To compete and thrive in the 21st century, democracies, and the United States in particular, must develop new national security and economic strategies that address the geopolitics of information. In the 20th century, market capitalist democracies geared infrastructure, energy, trade, and even social policy to protect and advance that era’s key source of power—manufacturing. In this century, democracies must better account for information geopolitics across all dimensions of domestic policy and national strategy.
The purpose of this paper is to analyze how China’s new power is reaching Europe, the challenges that it poses, and the European responses to this new reality. This process has to be examined in the context of the current strategic competition between China and the U.S. and its reflection on the transatlantic relationship.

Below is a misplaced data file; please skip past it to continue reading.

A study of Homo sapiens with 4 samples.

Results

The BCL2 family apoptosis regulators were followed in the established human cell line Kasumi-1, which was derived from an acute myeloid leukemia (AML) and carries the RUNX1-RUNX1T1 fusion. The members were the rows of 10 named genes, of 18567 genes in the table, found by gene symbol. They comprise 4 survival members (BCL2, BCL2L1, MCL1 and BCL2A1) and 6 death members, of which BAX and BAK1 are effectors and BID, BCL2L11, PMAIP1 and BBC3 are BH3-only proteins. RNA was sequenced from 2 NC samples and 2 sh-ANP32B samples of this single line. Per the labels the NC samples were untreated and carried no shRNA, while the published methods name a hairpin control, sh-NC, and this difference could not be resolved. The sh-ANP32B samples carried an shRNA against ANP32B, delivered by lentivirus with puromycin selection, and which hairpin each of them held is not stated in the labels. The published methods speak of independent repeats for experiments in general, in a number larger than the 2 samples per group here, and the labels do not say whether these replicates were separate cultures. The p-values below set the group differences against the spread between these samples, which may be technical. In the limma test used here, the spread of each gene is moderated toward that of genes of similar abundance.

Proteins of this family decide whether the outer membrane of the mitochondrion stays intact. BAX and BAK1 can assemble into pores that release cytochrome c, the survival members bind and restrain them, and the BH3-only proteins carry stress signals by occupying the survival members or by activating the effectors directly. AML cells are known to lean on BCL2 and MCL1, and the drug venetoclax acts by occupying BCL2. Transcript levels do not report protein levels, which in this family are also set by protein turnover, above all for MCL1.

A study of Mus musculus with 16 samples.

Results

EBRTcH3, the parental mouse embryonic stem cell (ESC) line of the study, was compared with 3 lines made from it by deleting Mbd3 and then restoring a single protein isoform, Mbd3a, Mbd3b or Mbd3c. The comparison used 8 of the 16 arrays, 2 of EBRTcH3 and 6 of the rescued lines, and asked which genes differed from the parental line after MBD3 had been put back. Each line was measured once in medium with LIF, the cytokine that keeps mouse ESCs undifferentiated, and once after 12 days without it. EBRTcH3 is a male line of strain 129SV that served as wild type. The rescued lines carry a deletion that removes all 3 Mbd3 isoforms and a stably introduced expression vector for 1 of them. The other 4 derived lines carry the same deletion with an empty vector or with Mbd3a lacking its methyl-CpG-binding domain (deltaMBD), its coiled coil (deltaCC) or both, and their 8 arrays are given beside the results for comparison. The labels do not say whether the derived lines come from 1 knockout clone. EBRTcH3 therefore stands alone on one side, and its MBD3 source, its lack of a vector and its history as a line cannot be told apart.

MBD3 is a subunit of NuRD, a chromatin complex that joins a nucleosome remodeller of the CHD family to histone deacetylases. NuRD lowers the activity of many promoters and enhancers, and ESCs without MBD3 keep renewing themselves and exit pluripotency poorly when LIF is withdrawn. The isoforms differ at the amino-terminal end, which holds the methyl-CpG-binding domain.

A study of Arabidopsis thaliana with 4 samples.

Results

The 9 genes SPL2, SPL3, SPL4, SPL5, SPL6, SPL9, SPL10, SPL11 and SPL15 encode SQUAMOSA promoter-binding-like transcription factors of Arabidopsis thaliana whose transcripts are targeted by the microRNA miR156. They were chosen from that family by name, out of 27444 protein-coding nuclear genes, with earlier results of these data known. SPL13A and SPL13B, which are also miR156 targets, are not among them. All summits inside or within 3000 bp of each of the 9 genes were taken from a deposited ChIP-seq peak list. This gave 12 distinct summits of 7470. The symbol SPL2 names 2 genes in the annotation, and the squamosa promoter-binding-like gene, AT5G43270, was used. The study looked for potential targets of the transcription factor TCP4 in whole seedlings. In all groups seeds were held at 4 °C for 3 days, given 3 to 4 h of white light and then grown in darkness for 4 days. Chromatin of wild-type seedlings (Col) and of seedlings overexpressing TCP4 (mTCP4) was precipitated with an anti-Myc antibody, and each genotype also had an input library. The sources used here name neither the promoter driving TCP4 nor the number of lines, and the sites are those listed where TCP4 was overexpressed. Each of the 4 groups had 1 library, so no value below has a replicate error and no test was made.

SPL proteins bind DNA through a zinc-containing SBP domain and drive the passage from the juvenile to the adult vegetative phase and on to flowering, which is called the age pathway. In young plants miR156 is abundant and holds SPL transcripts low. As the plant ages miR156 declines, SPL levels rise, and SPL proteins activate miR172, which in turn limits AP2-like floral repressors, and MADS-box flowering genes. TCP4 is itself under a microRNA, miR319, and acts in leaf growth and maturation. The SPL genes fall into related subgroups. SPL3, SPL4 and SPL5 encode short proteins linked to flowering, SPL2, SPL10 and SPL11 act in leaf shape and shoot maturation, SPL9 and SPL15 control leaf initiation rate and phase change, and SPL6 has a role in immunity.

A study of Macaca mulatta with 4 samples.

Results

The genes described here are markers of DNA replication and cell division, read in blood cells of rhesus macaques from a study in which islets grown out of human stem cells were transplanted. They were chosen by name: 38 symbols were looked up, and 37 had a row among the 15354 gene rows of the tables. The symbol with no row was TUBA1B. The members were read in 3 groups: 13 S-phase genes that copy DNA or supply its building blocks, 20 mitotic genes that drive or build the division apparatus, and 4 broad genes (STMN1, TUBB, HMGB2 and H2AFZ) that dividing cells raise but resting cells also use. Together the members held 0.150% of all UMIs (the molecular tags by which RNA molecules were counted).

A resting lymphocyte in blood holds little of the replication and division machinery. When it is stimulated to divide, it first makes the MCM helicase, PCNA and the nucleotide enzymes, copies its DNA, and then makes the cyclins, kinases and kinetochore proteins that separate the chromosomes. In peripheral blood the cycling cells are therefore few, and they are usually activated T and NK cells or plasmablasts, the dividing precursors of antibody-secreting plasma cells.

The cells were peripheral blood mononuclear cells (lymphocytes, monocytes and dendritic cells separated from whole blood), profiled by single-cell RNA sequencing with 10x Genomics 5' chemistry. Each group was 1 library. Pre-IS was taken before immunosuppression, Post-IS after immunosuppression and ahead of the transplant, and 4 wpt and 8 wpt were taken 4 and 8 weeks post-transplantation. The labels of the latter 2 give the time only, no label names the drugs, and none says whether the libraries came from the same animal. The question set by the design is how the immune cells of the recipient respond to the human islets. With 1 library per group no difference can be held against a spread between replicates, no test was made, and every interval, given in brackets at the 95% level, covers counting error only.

The research agenda and recommendations of The Belfer Center experts are rooted in open-minded inquiry and our 300+ scholars represent diverse points of view. Research topics cover foreign policy, economics, development, and governance.
The TPP (Trans Pacific Partnership) that was finally agreed among trade negotiators of 12 Pacific countries on October 5 came as a triumph over long odds. Tremendous political obstacles, domestic and international, had to be overcome over the last five years. Now each country has to decide whether to ratify the agreement.Many of the issues are commonly framed as “Left” versus “Right." The unremitting hostility to the negotiations up until now from the Left – often in protest at being kept in the dark regarding the text of the agreement -- has carried two dangers.